ALBANY — President Donald Trump’s suggestion for states to pay a quarter of a weekly unemployment bonus may be a political negotiation tactic, Gov. Andrew M. Cuomo said Sunday, after congressional representatives have failed to reach an agreement on the next pandemic relief bill.
Jobless workers had been receiving a $600 weekly bonus since March in addition to regular, weekly unemployment checks. The bonus money ran out at the end of July.
On Saturday, Trump issued an order authorizing $300 in federal payments for the unemployment bonus. The president suggested states should find a quarter of that to help fund the bonus — a cost of roughly $4 billion to New York, the governor said.
“[It’s] just laughable ... It’s just an impossibility,” Gov. Cuomo said Sunday during a conference call with reporters. “None of this is real on the federal side. I don’t know if the president is genuine, or if this is just a tactic in the negotiation. This is irreconcilable for the state. This is just a chapter in the book of Washington-COVID mismanagement.”
Cuomo said Trump’s executive mandates won’t meet the demand as states continue to need federal aid to help localities, burdened by unexpected COVID-19 costs. The state is expected to cut education and health care spending by 20% in next year’s budget without federal assistance.
“Trump’s executive orders will not be a substitute for legislation — take it from someone who has often considered executive order when you can’t get legislation,” Gov. Cuomo said. “What the president has done is made it impossible on the state. ... The whole issue here was getting states funding — state and local funding. You can’t now say to states who have no funding ‘you have to pay 25% of the unemployment insurance costs.’”
The president’s order would redirect $44 billion in disaster relief funds to pay for the unemployment bonus, which would cover about five weeks of extended benefits.
Cuomo and his aides have discussed the expected widespread 20% cuts to local governments throughout the pandemic. On Friday, the governor sent a letter to the state’s congressional delegation with Senate Majority Leader Andrea Stewart-Cousins, D-Yonkers, and Assembly Speaker Carl Heastie, D-Bronx, outlining the urgent need for federal aid to state and local governments.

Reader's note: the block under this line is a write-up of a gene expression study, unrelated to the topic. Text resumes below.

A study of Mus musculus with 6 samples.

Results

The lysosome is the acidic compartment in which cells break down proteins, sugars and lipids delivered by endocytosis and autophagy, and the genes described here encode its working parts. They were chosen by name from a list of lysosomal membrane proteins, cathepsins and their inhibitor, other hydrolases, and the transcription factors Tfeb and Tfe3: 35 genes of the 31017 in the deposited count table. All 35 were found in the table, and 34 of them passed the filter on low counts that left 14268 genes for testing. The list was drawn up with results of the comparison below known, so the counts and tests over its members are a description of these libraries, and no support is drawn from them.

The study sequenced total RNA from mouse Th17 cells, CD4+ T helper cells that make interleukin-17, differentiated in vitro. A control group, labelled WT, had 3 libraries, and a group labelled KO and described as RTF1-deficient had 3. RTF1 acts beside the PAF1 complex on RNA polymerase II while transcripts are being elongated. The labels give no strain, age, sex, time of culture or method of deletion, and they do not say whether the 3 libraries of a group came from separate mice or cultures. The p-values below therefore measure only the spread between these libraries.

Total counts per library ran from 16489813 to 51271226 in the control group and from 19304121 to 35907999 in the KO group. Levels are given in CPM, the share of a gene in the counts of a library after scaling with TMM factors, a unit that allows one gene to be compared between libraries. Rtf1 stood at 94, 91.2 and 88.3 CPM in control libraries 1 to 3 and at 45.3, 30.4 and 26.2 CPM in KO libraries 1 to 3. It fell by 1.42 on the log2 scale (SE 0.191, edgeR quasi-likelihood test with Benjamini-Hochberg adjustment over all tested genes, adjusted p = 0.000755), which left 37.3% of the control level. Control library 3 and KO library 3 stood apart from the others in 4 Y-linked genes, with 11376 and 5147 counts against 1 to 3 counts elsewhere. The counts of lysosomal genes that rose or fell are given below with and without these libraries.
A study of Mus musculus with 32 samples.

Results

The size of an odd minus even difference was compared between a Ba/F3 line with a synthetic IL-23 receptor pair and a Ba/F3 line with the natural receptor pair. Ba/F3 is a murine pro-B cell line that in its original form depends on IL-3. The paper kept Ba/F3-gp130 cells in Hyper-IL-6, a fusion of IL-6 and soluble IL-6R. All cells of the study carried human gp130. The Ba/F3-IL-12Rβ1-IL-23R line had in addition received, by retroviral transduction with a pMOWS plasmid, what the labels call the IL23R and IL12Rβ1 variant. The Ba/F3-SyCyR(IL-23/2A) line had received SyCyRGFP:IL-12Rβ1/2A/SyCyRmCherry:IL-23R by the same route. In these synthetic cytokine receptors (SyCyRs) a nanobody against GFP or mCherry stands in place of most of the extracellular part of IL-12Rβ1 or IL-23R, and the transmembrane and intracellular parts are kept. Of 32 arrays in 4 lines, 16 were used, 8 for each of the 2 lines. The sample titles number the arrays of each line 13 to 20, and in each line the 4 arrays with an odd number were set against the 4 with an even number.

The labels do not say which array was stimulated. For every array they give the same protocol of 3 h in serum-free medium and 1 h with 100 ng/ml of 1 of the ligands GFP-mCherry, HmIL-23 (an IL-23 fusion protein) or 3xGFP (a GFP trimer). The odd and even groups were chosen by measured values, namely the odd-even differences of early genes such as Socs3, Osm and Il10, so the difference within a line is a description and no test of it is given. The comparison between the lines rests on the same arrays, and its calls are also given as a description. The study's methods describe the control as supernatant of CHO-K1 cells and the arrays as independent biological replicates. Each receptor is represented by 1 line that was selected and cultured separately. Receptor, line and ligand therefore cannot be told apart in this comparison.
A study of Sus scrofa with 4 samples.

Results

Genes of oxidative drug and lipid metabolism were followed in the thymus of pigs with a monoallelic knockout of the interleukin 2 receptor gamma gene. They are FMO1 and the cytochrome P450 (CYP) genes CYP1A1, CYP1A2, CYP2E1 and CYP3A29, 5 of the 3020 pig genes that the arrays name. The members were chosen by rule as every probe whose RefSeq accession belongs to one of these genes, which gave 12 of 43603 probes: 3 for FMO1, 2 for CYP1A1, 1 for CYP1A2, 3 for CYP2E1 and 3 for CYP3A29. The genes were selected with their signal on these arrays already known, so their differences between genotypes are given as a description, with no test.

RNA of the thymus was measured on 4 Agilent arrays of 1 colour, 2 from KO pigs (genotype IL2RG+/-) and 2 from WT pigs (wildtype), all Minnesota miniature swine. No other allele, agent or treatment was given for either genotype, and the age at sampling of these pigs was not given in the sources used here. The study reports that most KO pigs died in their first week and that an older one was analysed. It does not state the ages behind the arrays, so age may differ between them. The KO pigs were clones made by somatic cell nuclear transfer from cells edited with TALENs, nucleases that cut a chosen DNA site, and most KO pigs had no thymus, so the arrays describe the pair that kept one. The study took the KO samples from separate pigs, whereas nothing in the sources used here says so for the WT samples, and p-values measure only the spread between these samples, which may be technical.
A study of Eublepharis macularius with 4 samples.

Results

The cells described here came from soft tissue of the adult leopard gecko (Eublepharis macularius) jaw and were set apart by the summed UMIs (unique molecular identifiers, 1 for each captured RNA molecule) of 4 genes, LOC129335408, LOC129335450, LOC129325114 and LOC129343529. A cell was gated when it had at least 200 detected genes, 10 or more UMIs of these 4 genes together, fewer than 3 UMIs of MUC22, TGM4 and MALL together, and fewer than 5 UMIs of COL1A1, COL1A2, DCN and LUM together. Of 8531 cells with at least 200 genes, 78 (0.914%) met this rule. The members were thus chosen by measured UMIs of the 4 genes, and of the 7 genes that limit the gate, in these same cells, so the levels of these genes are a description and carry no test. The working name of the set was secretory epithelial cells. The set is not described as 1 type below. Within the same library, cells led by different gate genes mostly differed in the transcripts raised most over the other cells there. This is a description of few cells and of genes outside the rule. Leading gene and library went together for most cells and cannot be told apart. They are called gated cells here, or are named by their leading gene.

“They need legislation — it’s the only way to do it,” Gov. Cuomo said. “If the president is not willing to get it passed, it’s going to be an additional failure in a series of failures in this COVID crisis. My advice is, when you are in a hole, stop digging. It’s good advice.”
The state expects a $30 billion budget shortfall over two years — $14 billion in 2020 and an anticipated $16 billion next year — with a roughly $12 billion deficit for the Metropolitan Transportation Authority and $3 billion for the Port Authority of New York and New Jersey.
Schools must hold three to five public meetings with parents by Aug. 21, who will be allowed to participate remotely, and at least one meeting with teachers to review district reopening guidelines.
“That ... was not just a helpful hint,” Gov. Cuomo said of the mandatory sessions. “If teachers don’t agree to come back it is extraordinarily difficult to operate school. Even in this new COVID crisis creativity, you still need teachers and you still need students to operate a school, best I know. You’re not going to get them back just because the school district says ‘This is what we’re going to do.’
These plans were not sent down from heaven,” he added. “They have to have the conservation with the parents and the teachers. And time is short.”
New York City, the nation’s largest public school district, submitted a second, supplemental reopening plan after officials said the district’s guidance was deficient.
State Health Department employees worked to approve school plans this weekend, Cuomo said, adding he expects to announce an update Monday.
The state’s supplemental enforcement task force, comprised of New York State Police and state Liquor Authority investigators, issued violations to 26 establishments in the Bronx, Queens, Manhattan, Brooklyn and on Long Island on Saturday night. Queens had the most violations at 16.
“Come on, Queens,” the governor said. “We need the NYPD to step up and help in New York City. And we need local governments across the board to also do their job.
“I’ll repeat myself until they hear me.”
The state had its lowest rate of new cases in one day at 0.78% positive Saturday.
“Congratulations, New Yorkers. Incredible,” Gov. Cuomo said.
Seven New Yorkers died from the virus Saturday, up from five Friday.
The state reported 548 virus patients in the hospital Sunday, down 25, and 131 New Yorkers in intensive care — the lowest since the pandemic began.
The Tribune News Service contributed to this report.